The XC concept includes devices that the public has already seen, such as handheld computers and set-top boxes, as well as terminals designed for viewing digital content, Internet-only viewing, or home banking.
"We are repackaging PC technology in a form for single applications," said Stan Shih, Acer CEO. "The PC is a good computer, but it is complicated to use. There are more consumers and end-users right now looking to enjoy IT technology, but not by the PC approach."
Today, the company provided details about its first five XC designs. At the low end is the Compact X200, a TV game console for $199. Further up the food chain are subnotebook-sized CE devices and set-top boxes. Products will mostly come out toward the end of the year.
The XC strategy will allow Acer, a company which has remained mired in the second tier of computer vendors, to capitalize on its unique business circumstances. Acer, as Shih points out, is both a computer and a component manufacturer with a fairly large economies of scale. By leveraging common PC standards, with Acer's production of LCD screens and other components can take out much of the economic risk inherent in introducing new form factors.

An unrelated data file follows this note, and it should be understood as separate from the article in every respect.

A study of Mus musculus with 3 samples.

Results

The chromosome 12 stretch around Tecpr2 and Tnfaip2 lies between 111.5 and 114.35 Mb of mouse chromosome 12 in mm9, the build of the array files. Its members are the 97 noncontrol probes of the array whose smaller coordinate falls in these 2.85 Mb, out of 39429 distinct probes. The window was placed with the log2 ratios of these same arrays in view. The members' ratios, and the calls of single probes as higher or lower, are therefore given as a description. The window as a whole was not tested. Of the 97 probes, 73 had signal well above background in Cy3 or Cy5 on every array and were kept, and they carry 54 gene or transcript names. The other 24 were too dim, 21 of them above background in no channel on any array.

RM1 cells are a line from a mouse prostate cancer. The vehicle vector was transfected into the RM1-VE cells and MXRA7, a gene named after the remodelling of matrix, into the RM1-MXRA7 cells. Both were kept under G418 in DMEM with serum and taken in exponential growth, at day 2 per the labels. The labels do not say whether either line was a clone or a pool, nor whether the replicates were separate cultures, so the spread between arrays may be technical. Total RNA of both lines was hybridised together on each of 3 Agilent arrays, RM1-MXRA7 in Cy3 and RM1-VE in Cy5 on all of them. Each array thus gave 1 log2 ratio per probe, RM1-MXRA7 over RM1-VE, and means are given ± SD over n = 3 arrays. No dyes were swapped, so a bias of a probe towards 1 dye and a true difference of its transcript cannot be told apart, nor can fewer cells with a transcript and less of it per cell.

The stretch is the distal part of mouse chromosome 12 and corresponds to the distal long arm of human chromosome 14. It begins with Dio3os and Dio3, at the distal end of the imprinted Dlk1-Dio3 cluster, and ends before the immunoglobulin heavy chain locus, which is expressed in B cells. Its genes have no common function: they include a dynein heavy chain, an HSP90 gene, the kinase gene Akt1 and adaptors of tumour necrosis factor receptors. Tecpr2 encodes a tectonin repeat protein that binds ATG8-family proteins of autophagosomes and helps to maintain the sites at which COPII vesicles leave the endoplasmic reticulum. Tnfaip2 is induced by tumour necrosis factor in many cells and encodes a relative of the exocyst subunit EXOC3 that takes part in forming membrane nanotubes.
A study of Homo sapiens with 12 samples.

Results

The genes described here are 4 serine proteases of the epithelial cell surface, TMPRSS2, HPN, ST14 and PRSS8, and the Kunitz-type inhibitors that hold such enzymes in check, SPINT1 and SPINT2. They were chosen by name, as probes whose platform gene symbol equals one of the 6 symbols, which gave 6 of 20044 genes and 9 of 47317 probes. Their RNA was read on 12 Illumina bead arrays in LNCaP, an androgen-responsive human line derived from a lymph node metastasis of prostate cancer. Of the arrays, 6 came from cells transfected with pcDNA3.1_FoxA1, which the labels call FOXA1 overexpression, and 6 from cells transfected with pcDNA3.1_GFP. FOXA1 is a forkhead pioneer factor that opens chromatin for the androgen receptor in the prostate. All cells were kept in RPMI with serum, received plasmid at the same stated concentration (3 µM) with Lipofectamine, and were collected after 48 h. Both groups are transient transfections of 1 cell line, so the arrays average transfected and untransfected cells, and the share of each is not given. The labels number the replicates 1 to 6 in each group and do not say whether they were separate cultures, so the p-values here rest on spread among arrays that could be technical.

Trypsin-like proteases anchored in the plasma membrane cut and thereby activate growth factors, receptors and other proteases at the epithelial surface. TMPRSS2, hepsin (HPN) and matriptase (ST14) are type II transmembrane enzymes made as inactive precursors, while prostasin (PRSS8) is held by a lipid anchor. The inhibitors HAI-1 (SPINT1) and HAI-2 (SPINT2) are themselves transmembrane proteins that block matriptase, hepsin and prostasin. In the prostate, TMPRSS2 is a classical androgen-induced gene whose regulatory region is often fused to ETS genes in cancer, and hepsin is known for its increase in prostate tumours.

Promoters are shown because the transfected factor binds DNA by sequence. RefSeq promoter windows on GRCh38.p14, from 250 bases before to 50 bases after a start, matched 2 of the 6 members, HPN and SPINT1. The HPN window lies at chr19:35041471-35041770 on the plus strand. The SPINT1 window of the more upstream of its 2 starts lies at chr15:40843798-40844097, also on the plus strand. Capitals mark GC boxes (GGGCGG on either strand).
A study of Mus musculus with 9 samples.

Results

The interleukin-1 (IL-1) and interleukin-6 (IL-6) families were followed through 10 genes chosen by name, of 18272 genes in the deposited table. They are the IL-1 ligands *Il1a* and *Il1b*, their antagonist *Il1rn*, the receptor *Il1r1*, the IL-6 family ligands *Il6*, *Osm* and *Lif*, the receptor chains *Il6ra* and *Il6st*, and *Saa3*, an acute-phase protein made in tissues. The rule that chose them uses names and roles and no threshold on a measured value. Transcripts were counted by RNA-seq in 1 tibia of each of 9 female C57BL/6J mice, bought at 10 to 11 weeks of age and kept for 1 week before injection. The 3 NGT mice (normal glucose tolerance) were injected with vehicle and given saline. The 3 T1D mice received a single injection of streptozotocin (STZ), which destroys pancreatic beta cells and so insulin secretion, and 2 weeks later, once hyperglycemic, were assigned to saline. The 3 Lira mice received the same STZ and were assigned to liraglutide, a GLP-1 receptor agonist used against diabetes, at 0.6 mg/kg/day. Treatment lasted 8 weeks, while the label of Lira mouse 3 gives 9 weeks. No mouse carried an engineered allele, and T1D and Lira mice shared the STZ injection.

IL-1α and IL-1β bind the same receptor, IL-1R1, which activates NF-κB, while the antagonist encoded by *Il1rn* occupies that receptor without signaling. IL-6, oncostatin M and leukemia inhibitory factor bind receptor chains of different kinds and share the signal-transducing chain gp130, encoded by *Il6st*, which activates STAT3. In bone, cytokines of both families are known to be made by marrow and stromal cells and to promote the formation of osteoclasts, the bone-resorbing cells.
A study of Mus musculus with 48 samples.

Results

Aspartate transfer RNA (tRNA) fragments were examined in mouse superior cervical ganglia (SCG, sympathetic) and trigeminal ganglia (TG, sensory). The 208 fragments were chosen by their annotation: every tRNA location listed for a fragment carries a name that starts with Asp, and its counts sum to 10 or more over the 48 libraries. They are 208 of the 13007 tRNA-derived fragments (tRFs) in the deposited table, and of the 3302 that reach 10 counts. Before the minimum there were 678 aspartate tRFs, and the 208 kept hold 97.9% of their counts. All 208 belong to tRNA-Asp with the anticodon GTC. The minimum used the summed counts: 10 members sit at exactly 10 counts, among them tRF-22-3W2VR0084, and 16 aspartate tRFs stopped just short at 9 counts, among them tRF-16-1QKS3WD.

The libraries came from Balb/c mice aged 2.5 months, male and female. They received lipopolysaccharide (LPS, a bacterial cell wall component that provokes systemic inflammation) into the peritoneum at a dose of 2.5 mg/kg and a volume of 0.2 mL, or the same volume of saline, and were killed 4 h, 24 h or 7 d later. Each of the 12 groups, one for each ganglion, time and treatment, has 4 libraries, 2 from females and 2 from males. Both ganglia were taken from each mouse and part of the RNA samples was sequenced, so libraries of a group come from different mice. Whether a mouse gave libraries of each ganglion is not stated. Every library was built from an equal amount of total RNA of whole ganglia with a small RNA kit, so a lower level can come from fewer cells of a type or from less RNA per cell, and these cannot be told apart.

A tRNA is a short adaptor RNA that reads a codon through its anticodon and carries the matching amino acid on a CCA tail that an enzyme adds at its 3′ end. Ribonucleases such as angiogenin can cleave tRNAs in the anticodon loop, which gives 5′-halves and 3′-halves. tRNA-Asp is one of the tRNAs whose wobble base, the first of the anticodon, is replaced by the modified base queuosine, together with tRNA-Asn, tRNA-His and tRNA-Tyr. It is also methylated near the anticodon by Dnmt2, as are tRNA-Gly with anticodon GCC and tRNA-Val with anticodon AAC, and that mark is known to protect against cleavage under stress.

"The new products always involve a lot of risk in the market, being accepted in the market. You have to commit to [large] volumes, but if you don't hit it, you have inventory problems," he said. "We already have orders for PCs. With open architectures, we can share the risk."
Although based around PC technologies such as Intel-compatible processors and standard Internet protocols, the XC won't displace the PC, Shih said. Rather, XCs are designed to bring PC-like functions and applications to a plethora of electronics accessories ranging in price from $199 to $1,000.
After the $199 Compact X200 game platform comes the Mobile X100, which will cost $600 and combine Windows CE in the same body that Acer uses for its subnotebook. The X300 will be the company's answer for set-top boxes. The X500 and X700, meanwhile, are specialized desktop systems. The X500 is optimized for video and photo viewing as well as receiving email, while the X700 is designed for home entertainment functions.
Most of the devices will use Microsoft operating systems, such as Windows CE or even Windows 98, but it is not a requirement. "In terms of Internet-only, you are just functioning with a browser. You don't need any Windows," he said. Intel will be the main supplier of processors for XC, but other makers such as Advanced Micro Devices, Cyrix, and Hitachi will be in the mix.
The XC will also include such technologies as USB (universal serial bus), DVD (digital versatile disk), and 2D/3D graphics.
Although some of the XC devices are available in limited quantities in Japan, most of the new devices won't appear until the fourth quarter or in the first part of 1999, said Shih.